My first recollection of Michele Jones was watching her play the part of Marilla in Anne of Green Gables; produced and performed by the Scugog Choral Society in Port Perry, the town where we live. I wasn’t sure whether Michele had been typecast – was she by nature an austere, cranky lady Or, was she a terrific actor Over the next 16 years, I learned about the real Michele – she was a deeply caring woman, highly skilled at vision casting and implementation, passionate about the arts, especially music, a woman with strong values and ideals and an amazing actor with an uncanny sense of timing.
Michele and I worked side by side in several productions over the years: she produced and I was musical director. We developed a way of working out the most impossible of ideas. It was through that creative process where our relationship germinated and grew into something that I will always treasure. Our last stage production together was in January 2009 at the Port Perry Centre for the Performing Arts.
It was with a tremendous degree of shock and sadness last March when our community learned that Michele had terminal cancer and was given twelve weeks to live. At first, like in any tragic loss, shock, denial and anger reared their visceral faces. But it was Michele’s own sense of acceptance that led the way for her family and community at large to accept what was going on. In fact, she wanted the Beatles’ song Let It Be to be sung at her memorial service. Amidst tears, laughter and genuine struggle to sing those words authentically, we did it, all 300 of us.
Michele asked me to come to her home on several occasions during those short months to play music. We had a good time sharing the songs she had grown up with, danced to, and sung in musical theatre. In our afternoons together I learned how Michele’s dad, Cedric, an avid music lover, made sure there was lots of music in her childhood home. She sang me one of his “silly songs” – all sixteen verses. Close to You was what she sang to her girls, Sharon and Liz, when they were little. Many of the 60’s songs had associations with Michele and Gord in their early years together—and I heard about them. The ukulele was Michele’s instrument of choice and she played me some of her favourites and Grandma’s special song for Charlotte, her granddaughter. Then there were musical theatre songs – she knew them all. Behind every song there was a vivid story from Michele.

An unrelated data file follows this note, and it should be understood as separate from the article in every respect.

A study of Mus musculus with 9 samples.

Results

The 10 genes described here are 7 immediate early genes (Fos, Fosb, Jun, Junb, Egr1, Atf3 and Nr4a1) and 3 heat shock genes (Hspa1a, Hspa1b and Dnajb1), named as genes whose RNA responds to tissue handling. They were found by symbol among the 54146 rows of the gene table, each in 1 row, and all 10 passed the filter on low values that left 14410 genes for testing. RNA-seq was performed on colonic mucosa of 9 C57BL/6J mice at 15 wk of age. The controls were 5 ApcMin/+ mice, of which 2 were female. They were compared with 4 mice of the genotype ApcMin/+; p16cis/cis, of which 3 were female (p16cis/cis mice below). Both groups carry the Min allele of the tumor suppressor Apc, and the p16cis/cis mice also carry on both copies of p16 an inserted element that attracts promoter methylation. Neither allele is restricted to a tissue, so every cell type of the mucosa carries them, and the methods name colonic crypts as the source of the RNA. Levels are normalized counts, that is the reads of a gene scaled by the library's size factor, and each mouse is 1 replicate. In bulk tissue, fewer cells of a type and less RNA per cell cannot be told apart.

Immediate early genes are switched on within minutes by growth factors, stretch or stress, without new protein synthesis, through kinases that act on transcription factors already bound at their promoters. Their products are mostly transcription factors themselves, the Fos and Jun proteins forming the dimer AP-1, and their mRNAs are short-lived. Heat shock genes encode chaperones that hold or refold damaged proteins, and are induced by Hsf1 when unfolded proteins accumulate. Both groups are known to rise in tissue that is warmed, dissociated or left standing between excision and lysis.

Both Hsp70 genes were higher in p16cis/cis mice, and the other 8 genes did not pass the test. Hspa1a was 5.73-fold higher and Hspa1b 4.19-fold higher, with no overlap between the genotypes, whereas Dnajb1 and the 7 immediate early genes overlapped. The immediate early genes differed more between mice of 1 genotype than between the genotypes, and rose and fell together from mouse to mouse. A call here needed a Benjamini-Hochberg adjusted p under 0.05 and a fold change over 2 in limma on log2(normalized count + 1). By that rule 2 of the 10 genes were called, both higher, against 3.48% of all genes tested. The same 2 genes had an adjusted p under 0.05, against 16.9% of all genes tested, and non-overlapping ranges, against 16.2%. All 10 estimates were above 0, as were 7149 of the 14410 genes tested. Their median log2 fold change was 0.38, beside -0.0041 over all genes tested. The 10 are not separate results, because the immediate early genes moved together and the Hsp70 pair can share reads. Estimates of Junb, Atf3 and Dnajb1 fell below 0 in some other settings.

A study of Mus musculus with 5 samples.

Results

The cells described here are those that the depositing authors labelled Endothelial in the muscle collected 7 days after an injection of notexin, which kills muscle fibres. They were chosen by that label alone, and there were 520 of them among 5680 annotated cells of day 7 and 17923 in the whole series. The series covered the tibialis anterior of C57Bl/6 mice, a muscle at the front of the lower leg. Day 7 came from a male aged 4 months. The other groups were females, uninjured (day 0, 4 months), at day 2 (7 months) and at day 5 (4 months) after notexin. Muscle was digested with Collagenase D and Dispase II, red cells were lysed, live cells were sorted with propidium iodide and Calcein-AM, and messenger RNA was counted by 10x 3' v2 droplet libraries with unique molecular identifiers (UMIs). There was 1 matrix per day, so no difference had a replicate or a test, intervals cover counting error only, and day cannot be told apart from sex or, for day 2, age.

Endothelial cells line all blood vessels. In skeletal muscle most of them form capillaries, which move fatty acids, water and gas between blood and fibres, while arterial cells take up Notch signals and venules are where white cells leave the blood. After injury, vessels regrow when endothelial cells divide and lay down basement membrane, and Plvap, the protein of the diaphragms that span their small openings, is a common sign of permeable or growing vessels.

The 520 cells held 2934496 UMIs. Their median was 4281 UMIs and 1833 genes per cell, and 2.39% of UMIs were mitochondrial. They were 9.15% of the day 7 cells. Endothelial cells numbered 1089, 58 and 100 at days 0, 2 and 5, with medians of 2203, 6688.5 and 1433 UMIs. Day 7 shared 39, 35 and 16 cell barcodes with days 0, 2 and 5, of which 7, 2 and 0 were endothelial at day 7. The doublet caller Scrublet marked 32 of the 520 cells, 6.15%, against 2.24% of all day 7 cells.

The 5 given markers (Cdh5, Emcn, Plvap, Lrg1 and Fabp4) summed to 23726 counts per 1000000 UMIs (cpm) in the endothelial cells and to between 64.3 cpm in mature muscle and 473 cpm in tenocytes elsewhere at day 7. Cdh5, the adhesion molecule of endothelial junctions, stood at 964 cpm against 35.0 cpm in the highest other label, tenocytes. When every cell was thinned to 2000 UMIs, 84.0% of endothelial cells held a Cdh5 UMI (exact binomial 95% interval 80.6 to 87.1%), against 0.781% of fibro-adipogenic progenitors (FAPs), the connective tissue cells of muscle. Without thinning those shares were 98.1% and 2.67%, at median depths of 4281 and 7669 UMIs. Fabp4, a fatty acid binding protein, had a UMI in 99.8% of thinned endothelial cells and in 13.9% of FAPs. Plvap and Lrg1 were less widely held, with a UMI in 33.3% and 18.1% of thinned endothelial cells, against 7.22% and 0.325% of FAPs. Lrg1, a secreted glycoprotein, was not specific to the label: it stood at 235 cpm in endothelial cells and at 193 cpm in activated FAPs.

In those sacred moments with Michele, there were several things that I will always remember. One day, Michele was lying under a blanket on the couch and I was playing gently and softly on her treasured heirloom piano. I played “Room 217 style”. The slower pace helped her relax and it wasn’t long before she dozed off. Some forty minutes later I began to play My Funny Valentine. The tune enlivened her – she sat up straight, began to sing and by the fourth phrase was standing and singing at the top of her lungs. All at once, I was filled with a horrid contradiction: I was sure singing couldn’t be good for her because her lungs were filled with fluid and she was expending a lot of energy. Yet I was equally sure it was the best thing for her because she was wrapped deeply in an experience that transcended the disease and let her keep living in the music she loved.
Another day, I learned there were even more distinct ways that musical memories nourished Michele. Michele had been a dancer and taught ballet. Whenever she listened to the Room 217 Classic Comfort album, an hour of classical piano music, it made her “dance”. Of course this was now a dance performed in her memories and imagination, but she lit up when she spoke of it. I believe the music stirred in her a sense of dignity and optimism when some of the procedures and episodes of her illness mitigated against it.
Music chronicled Michele’s life. Michele invited me to do the music at her memorial service. She planned the songs with care. It’s true that I had never played Five Foot Two and There’s a Hole in the Bottom of the Sea at a celebration of life service before, but the opening twenty minutes of music were a snapshot of a woman who loved and lived a lifetime of music and that wasn’t about to end.